We're thinking about a 26' travel trailer. Empty trailer weight is 5100 pounds and trailer GVWR is 7000 pounds so loaded we're certainly closer to 7000 pounds vs 5100.

Would a 1/2 ton truck or 3/4 ton truck be better and why? What should I consider when deciding which TV to buy? This would be our first truck and travel trailer so I want to be sure the TV gives the best and safest tow experience.

Thanks for your help.

A properly equipped half ton with a quality WDH will easily handle that length and weight without drama and return far better unladen fuel mileage and comfort.

3/4 tons have larger everything. Frame, brakes, suspension, you name it. They are designed for this duty day in and day out. More stable because there is simply more truck in front of the trailer. That comes with a pretty steep cost compared to a half ton though.

I tug a 26' jayfeather which is a little lighter with a '13 Ram 1500 5.7 3.92 and that little truck pulls like a freight train. I am usually cruising in 7th gear.

Basically any full size truck if properly spec'd will have little to no issue with that so it's a matter of what you prefer. Get the proper engine, tow package and gears. Also watch the payload on the super-lux trim levels- that will be your enemy with a half ton.

While you have been given some good advice above, do yourself a favor and shop around between 1/2 and 3/4 trucks to compare out-the-door pricing. You might find that the difference is not all that much.
08 Dutch Star 4354, 2017 Wrangler JKU w/rv brake2, blue ox tow bars, Rockhard front bumper with tow fittings.

For comfort and safety a 3/4 ton truck would be better. A 1/3 ton truck weighs approx. 5,700 lbs. While a 3/4 ton truck weighs 7,700 lbs. That is a lot more frame and weight to handle your 7,000 lb trailer.
Would a 1/2 ton truck or 3/4 ton truck be better and why?
3/4 ton would be better for that much trailer. Most half-ton pickups and SUVs will be overloaded with a 7,000 pound trailer.

Using Ford F-150 as an example. The only one that can tow a 7,000 pound TT without exceeding the GVWR of the F-150 is the very rare F-150s that have the heavy duty payload package. Ordinary F-150s without that HD payload package can be overloaded with less than a 6,000 pound trailer. My F-150 is overloaded with my small wet and loaded TT that grosses 4,870 pounds on the road.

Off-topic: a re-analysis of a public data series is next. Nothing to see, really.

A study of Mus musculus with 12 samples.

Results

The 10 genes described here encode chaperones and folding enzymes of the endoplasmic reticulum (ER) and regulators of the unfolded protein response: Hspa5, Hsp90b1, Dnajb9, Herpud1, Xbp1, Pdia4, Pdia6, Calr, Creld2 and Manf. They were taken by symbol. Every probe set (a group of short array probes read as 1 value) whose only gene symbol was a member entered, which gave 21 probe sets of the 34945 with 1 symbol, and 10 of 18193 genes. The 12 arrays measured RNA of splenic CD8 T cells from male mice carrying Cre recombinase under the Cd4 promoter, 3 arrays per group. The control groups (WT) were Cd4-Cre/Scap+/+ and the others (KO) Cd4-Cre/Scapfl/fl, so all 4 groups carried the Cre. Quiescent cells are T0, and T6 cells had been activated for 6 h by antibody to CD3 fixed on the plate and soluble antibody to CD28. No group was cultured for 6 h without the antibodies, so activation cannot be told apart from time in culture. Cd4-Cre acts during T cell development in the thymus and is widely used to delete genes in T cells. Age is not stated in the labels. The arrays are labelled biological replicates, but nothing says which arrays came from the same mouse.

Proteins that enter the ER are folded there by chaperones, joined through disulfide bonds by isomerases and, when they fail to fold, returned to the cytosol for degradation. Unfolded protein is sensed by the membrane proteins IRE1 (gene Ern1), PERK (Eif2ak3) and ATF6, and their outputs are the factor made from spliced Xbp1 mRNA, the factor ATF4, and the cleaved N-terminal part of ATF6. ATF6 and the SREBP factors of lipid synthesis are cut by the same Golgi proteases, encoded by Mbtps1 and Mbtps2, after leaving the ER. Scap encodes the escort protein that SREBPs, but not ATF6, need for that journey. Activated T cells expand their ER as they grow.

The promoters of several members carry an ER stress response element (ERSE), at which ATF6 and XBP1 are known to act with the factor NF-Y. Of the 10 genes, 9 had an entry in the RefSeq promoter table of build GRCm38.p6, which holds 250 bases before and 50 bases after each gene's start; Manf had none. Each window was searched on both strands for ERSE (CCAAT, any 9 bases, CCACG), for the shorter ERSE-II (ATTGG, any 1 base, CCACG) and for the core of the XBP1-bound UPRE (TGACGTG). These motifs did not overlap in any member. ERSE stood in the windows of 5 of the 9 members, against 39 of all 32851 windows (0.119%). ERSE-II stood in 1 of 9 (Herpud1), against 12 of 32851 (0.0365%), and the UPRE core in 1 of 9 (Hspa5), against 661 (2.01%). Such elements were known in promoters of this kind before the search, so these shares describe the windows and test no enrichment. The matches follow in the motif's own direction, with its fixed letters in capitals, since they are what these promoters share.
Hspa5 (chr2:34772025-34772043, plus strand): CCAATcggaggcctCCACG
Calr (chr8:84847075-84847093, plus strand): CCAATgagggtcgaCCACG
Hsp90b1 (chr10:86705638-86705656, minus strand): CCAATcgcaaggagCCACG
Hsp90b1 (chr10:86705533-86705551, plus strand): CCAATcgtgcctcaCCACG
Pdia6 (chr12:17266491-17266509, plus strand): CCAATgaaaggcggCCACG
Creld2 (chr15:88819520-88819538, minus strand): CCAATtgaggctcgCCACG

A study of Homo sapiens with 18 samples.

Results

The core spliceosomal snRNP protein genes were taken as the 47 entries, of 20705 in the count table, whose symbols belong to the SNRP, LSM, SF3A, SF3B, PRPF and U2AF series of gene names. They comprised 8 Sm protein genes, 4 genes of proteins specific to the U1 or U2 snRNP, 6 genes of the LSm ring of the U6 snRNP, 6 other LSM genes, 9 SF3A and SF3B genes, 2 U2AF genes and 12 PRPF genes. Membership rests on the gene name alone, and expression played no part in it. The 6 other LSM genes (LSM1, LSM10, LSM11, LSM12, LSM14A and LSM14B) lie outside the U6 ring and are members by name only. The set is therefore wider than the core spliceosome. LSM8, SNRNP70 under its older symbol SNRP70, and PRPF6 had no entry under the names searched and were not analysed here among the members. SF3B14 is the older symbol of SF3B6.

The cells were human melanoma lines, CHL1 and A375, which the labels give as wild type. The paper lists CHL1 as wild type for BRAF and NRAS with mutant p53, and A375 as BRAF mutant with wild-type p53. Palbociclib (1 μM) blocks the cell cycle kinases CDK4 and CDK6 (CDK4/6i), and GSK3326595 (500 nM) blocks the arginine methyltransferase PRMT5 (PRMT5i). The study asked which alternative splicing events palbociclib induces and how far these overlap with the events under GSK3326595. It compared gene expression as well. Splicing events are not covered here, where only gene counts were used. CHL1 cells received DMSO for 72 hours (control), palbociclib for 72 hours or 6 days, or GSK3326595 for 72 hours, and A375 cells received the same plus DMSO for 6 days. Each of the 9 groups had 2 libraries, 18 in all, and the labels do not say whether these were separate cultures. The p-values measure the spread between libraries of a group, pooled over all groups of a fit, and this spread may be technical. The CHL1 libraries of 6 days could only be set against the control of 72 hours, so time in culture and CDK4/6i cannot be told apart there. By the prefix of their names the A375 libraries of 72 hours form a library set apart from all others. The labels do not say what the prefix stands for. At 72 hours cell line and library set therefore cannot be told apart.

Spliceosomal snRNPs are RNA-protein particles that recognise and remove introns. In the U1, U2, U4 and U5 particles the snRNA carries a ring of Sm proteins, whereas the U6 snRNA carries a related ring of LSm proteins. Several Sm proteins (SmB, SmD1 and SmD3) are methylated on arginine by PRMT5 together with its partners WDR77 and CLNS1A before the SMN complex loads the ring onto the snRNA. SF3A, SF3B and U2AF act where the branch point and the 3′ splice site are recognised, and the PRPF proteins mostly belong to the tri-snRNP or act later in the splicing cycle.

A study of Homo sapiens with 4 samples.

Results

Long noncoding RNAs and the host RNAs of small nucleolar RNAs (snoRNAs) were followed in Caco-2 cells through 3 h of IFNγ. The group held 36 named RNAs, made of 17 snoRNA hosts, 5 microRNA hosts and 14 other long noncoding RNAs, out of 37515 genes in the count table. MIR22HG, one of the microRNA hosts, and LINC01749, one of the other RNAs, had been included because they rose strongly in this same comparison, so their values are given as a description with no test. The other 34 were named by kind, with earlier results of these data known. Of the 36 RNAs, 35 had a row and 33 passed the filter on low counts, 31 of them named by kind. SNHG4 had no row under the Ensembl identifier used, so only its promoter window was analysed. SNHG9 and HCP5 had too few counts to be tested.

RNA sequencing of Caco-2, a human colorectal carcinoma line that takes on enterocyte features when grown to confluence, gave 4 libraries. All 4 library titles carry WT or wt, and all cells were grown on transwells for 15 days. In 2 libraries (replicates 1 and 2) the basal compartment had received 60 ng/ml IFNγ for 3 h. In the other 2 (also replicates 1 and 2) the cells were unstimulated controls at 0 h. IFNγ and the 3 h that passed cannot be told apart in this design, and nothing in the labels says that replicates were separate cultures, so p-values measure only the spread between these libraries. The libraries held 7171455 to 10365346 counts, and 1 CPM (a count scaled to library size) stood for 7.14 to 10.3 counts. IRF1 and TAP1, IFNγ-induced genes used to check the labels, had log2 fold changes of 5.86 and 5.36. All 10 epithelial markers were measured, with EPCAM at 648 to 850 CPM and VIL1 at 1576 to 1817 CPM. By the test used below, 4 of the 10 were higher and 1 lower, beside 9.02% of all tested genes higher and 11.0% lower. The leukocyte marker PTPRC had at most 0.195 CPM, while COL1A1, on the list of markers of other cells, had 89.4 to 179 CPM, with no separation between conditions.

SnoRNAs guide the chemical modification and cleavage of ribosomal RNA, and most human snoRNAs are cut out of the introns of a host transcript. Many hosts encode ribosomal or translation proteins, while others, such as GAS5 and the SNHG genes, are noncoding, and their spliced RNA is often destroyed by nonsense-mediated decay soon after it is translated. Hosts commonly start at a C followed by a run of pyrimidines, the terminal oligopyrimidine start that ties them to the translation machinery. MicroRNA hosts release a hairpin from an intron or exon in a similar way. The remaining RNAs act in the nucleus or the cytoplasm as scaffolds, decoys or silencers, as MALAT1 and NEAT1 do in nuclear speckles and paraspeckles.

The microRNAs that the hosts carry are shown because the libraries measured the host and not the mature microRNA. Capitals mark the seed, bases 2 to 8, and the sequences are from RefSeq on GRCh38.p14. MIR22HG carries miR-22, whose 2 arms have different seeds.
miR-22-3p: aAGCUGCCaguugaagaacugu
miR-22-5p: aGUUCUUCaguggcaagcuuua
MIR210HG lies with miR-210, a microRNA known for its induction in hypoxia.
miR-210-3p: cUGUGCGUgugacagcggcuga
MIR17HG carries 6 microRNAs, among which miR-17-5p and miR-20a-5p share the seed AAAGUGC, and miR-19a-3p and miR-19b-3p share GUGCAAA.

What should I consider when deciding which TV to buy?
Payload capacity. With a small family and normal options on a CrewCab pickup, you want at least 2,000 pounds payload capacity if you don't want to be overloaded when you add a topper, loaded toolbox, jacks in case of a flat on the trailer, campfire wood, weight-distributing hitch, and full tank of gas. My F-150 has payload capacity of 1,366, and I'm overloaded with tongue weight of 650 pounds. And that's with nobody in the truck except me and Darling Wife and Sugar the Border Collie and Marguerita the small Chihuahua.

Ignore the "tow rating" published by the truck manufacturers. My tow rating is 8,400 pounds, but I'm overloaded with my TT that weighs only 4,870 pounds.

Way back when, my F-250 had a tow rating over 13,000 pounds, but I was overloaded with my small 5er that grossed only 8,000 pounds. So worry about the GVWR and payload capacity of your tow vehicle, not the GCWR and tow rating.

The tow rating indicates the total weight you can PULL without overheating something in the drivetrain, and without being the slowpoke holding up traffic on steep grades of hills and mountain passes. The payload capacity indicates the weight you can HAUL on the truck tires without overloading the suspension, axles, brakes and other components of your truck.

Again, using my F-150 as an example, it can pull a trailer that grosses over 20,000 pounds across the Hill Country from Midland to Austin. No problem with power to pull that load at 65 MPH without overheating anything. But I was severely overloaded over the GVWR and rear GAWR of my poor little F-150. So I wished I still had my F-250 for that trip.
Grumpy ole man with over 50 years towing experience. Now my heaviest trailer is a 7,000-pound enclosed cargo trailer, RV is a 5,600 pound Skyline Nomad Joey 196S, and my tow vehicle is a 2012 F-150 EcoBoost SuperCrew.
I then bought a 12 Ram 2500 CTD CC LB truck. Big, big difference. The added weight and firmer suspension made a big difference in the handling department. While the TT may have moved around under those same windy conditions or passing semis the truck stayed firmly planted. I used an EQ WD with the built in 4pt sway control too.
I won't even get into the difference in power with the Cummins. That speaks for it's self.